Use of Cocaine in an Adult Man to ‘Treat’ Undiagnosed ADHD

"In these stories, the identities and locations have been changed to ensure client confidentiality.”

A 34-year old married man, who was a mid-level manager at a large retail company, was evaluated because of his drug use.  His addictive behavior had seriously impaired his functioning at work, his relationship with his family and his marriage.  As those situations deteriorated further he was encouraged to seek treatment by his family.

On evaluation, the client described himself as having mood swings.  He reported that when he used cocaine he would feel calmer and could think better, and was far more productive.  He also reported a history of numerous psychiatric interventions for hyperactive behavior as a child, which also included trouble paying attention, procrastination over homework assignments, and easy distractibility.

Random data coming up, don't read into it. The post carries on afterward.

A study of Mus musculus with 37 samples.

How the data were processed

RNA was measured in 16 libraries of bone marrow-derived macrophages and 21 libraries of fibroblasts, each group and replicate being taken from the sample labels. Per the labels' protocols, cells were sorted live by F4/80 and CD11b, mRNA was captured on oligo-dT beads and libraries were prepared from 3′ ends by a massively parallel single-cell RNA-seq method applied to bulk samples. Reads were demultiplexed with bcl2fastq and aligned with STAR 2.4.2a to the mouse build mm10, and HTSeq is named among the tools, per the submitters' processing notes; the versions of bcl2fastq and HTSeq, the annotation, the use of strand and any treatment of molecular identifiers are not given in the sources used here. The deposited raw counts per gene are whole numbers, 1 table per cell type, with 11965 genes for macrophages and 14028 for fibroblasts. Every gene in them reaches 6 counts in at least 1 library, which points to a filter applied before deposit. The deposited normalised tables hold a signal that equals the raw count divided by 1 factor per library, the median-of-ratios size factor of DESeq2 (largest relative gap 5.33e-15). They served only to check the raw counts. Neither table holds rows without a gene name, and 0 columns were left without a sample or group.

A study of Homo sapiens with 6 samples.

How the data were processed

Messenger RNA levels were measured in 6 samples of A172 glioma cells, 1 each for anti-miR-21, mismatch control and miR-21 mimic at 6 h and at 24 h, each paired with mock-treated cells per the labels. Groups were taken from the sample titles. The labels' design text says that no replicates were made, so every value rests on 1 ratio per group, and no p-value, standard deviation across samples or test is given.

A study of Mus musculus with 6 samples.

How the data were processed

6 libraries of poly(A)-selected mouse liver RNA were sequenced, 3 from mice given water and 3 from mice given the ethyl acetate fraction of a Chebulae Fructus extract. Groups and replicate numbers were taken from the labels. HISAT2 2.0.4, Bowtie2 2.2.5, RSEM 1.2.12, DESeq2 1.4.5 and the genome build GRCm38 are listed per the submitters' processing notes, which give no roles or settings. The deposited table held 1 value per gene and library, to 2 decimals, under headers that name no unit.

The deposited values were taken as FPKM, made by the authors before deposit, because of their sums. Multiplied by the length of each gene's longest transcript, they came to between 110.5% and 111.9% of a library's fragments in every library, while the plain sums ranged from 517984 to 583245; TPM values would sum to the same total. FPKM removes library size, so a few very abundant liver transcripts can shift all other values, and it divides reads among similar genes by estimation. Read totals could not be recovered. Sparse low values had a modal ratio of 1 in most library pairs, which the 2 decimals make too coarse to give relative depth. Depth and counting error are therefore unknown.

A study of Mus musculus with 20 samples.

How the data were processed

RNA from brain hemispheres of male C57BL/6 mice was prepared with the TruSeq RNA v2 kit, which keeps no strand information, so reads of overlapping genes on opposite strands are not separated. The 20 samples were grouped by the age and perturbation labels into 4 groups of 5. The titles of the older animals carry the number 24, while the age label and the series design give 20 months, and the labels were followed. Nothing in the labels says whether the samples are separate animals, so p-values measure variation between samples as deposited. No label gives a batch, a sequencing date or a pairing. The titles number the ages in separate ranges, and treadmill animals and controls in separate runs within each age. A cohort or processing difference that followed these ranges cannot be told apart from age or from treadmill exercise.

Due to the client’s unusual response to cocaine – the paradoxical response making him calmer and more focused, and the history of hyperactive behavior and trouble sustaining attention and focus, he was diagnosed with ADHD.  The client was begun on Wellbutrin and did extremely well.

He began individual and family therapy to first resolve the crisis he had caused through his cocaine abuse, and then to examine his self-defeating behaviors at home and at work.  Also explored was how his wife had enabled his substance abuse problems by refusing to firmly insist he seek treatment earlier in their marriage. He attended Narcotics Anonymous meetings on a regular basis, to help him maintain abstinence from the cocaine.